A judge denied 7-time Tour de France winner Lance Armstrong's request to dismiss the $100 million lawsuit against him by the U.S. Justice Department.
The lawsuit alleges that the cyclist committed fraud against the U.S. government by accepting sponsorships while doping. The U.S. Postal Service (USPS) sponsored Armstrong, providing his team with over $32 million between 2000 and 2004.
Armstrong had asked for the case to be dismissed on the grounds that USPS did benefit from their sponsorship deal despite the doping scandal.
"The U.S. Postal Service benefited tremendously from its sponsorship of the cycling team. Its own studies repeatedly and conclusively prove this. The USPS was never the victim of fraud." said Armstrong attorney Elliot Peters according to the San Diego Tribune.
Peters added, "Lance Armstrong rode his heart out for the USPS team, and gave the brand tremendous exposure during the sponsorship years." The government countered those arguments, the Guardian reported, by saying USPS had been "tainted" by the Armstrong doping scandals and their association with him.
U.S. District Judge Christopher Cooper's ruling to send the case to trial stresses that the damages to USPS's public image need to be decided by a jury of the public. Cooper wrote that any revenue losses or brand damage would have been the result of a highly publicized event, and that "determination of damages must therefore be left to a jury," according to USA Today.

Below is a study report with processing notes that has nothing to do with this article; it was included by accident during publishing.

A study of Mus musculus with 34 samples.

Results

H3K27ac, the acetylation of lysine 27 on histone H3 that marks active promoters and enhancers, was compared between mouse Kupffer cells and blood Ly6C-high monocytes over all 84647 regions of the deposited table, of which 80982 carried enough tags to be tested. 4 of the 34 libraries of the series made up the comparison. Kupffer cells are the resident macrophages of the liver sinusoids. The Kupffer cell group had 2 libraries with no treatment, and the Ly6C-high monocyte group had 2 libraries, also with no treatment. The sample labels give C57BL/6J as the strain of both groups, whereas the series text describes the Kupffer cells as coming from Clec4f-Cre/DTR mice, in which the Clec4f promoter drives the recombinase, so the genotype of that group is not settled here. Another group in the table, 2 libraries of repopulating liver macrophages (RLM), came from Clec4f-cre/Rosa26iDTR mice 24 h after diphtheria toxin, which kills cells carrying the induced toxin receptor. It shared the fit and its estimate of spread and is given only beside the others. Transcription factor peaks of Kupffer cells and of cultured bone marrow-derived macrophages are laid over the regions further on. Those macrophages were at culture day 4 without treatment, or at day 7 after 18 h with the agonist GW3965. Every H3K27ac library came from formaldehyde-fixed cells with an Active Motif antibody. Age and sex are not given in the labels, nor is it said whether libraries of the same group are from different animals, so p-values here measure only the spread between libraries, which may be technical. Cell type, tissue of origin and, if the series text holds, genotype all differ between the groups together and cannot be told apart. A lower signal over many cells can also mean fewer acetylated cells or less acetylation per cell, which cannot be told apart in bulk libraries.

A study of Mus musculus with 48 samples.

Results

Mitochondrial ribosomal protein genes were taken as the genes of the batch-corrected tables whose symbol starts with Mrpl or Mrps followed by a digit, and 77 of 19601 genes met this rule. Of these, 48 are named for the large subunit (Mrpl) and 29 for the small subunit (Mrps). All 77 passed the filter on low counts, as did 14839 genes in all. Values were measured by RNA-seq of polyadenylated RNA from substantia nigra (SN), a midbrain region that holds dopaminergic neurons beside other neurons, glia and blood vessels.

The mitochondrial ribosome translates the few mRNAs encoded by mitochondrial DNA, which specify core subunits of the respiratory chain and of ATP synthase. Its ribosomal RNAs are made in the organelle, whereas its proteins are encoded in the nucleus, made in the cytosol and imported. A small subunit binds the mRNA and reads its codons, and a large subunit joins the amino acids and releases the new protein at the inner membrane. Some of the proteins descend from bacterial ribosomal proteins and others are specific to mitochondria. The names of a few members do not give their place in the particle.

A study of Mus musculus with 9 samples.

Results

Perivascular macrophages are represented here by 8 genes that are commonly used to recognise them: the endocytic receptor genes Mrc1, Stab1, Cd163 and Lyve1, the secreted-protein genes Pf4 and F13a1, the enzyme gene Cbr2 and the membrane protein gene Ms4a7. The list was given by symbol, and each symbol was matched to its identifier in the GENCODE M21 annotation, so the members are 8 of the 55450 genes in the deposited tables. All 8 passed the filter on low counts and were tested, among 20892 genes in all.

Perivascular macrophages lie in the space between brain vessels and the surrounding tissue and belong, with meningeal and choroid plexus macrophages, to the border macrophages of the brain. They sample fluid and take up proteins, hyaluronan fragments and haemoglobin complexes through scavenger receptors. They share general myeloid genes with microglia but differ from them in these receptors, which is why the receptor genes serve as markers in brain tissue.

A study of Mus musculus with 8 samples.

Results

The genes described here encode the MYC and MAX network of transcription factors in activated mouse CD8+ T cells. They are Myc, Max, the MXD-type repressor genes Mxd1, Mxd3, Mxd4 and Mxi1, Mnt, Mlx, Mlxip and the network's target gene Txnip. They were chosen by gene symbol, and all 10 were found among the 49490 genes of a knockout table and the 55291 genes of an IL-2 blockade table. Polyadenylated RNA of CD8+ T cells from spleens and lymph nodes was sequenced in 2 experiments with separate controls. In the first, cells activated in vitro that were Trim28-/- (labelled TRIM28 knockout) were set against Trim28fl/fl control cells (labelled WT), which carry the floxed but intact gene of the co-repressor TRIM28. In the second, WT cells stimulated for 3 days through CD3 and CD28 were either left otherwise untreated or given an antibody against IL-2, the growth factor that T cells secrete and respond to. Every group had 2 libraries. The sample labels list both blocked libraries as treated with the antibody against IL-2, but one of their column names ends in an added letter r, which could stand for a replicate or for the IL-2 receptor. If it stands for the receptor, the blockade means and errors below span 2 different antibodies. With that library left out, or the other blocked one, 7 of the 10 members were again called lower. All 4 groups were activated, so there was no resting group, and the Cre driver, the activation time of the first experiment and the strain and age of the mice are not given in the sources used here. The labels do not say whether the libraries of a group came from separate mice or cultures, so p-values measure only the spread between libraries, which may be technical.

After losing his sponsorships, being stripped of his titles and awards, and finally stepping down as chairman from his cancer foundation in 2012, Armstrong also lost a separate fraud lawsuit in 2015.
The 2015 loss forced Armstrong to pay $10 million in damages to promotions company SCA for what they called an "unparalleled pageant of international perjury, fraud and conspiracy," wrote US News.
In 2013, Armstrong confessed to knowingly using performance-enhancing drugs during an interview with Oprah Winfrey.